The first step when developing a vlcj application is to make sure vlcj can find the LibVLC native libraries. These native libraries provide the public API to LibVLC and is what enables you to embed VLC media players in your own applications.
In most cases, vlcj will be able to find the installed native libraries without you needing to do anything in your own code. This will likely be the case when you have VLC installed into the default location on your computer. If so, vlcj will be able to find the native libraries just by using your computer's normal search path.
Nevertheless, the most common problem for new developers when using vlcj is how to properly locate these libraries, and this tutorial will show you how to do just that.
Let's Get Started
Start with a standard Java application:
These is nothing special here.
Option 1 - Automatic Native Discovery
vlcj provides a class that you can use to try and automatically discover the location of the native libraries by searching well-known locations on your computer:
This class instantiates an instance of the
NativeDiscovery class and invokes
discover() to return a result to show whether or not the native libraries
were indeed found.
To check the native libraries, the next line of code writes out the version of LibVLC that was found or alternatively if the native libraries weren't found an exception will be thrown.
For most applications this will just work and you won't have to do anything else.
NativeDiscovery class can be sub-classed in your application to add more
locations to be searched for the native libraries if you want.
If it does not work, you have another option...
Option 2 - Explicit Library Path
If the native discovery does not work, you can explicitly set the library path:
This class uses a hard-coded constant to hold the native library search path, you could of course pass this in to your application as a command-line argument, a Java system property, read it from a properties file or whatever you want.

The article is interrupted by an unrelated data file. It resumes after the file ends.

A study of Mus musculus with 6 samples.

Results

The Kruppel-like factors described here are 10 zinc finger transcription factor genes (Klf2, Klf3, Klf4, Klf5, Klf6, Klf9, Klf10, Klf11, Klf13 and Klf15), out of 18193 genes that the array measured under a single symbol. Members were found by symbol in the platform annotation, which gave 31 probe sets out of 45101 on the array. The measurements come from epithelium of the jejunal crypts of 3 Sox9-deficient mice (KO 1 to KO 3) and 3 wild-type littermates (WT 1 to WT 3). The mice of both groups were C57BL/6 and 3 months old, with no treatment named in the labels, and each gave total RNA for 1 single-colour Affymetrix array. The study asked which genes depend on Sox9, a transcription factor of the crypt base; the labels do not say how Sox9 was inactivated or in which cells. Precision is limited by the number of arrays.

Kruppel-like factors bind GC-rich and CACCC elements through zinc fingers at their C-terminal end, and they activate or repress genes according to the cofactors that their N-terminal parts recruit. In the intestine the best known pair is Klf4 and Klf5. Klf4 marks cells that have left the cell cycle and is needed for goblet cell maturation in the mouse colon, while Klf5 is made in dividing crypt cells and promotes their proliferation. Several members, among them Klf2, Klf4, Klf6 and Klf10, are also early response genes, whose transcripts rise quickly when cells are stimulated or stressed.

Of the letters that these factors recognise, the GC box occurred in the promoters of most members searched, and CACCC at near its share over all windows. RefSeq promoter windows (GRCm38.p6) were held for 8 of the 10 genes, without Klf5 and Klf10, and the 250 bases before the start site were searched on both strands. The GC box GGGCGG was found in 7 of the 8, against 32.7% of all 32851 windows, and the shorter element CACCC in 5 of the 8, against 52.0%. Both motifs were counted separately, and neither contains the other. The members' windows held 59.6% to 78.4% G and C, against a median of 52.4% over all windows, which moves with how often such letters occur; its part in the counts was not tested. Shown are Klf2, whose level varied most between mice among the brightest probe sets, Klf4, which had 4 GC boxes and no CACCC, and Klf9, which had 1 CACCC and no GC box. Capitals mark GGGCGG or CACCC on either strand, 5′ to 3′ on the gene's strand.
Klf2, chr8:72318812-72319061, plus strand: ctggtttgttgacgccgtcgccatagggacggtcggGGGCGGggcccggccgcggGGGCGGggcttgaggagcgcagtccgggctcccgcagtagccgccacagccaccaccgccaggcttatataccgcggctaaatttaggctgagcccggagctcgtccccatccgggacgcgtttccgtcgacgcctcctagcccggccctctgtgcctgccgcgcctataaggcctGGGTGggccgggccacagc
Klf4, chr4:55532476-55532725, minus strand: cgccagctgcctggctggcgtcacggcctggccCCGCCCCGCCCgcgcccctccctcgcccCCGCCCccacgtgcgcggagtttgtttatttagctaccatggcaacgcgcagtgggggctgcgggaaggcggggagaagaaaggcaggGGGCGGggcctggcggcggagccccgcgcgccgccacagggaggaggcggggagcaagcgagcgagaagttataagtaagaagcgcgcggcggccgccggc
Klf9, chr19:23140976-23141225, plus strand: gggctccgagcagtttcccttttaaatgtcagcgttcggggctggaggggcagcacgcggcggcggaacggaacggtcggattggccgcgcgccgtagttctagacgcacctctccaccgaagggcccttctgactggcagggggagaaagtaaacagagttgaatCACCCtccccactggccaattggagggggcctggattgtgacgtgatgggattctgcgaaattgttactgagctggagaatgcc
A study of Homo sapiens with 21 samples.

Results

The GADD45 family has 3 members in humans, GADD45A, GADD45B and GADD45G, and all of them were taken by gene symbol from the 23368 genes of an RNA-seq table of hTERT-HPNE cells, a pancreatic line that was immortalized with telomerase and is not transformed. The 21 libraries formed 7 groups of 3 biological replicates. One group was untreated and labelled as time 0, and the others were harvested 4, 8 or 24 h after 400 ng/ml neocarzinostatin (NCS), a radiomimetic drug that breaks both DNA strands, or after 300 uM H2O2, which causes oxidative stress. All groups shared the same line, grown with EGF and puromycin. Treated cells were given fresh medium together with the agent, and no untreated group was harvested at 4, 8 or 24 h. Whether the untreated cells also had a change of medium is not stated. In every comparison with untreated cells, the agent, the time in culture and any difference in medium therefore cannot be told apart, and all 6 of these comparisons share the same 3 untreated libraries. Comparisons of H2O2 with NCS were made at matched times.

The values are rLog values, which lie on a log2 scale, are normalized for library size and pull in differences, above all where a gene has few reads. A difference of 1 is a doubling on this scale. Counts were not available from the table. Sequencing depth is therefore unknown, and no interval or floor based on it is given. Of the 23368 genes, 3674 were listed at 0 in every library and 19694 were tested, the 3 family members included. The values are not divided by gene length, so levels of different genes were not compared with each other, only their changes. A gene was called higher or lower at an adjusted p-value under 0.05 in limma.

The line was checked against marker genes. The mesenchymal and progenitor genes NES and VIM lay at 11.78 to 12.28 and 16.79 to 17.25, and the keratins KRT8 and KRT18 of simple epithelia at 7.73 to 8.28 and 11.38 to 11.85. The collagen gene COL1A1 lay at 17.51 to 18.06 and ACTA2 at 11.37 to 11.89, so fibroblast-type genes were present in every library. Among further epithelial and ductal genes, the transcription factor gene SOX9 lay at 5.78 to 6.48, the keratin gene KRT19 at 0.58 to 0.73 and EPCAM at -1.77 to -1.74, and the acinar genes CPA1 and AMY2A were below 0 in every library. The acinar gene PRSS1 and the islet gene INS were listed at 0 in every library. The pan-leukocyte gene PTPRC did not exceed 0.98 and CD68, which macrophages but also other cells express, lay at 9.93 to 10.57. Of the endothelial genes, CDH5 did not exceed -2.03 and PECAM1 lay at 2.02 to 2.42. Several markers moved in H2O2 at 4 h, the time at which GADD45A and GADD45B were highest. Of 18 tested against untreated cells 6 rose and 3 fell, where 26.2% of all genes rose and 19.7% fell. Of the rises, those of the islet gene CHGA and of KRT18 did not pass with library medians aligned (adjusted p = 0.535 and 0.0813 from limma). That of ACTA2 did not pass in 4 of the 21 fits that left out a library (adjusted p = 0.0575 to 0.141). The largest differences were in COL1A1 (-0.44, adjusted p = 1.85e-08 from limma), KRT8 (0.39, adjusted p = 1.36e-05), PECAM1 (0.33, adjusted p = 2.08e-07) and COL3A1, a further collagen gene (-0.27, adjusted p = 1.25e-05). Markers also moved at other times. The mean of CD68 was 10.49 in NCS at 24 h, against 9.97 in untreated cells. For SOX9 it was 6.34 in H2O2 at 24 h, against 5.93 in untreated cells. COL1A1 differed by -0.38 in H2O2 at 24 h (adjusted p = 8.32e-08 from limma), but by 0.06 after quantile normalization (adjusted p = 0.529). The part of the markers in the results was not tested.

RuntimeUtil.getLibVlcLibraryName() code is required because the native
libraries are named differenty depending on your operating system.
The directory that you use for the search path must be the directory that
libvlccore shared objects (shared objects being
e.g. the files whose name ends
.so on Linux and
.dll on Windows).
This tutorial has shown the two main, and most reliable, ways to help vlcj discover the locations of the LibVLC native libraries.
You may ask why does vlcj not do this automatically? Well, different users will have different ways of configuring their environment and automatically doing native library discovery for every user might not be appropriate, for example it may be the case that multiple different versions of VLC are installed so how would automatic discovery know which one to pick. This is why it is left up to the application developer to choose.
Until you get this working, there is no point trying to do anything else with vlcj!
The rest of these tutorials will assume the automatic native discovery works.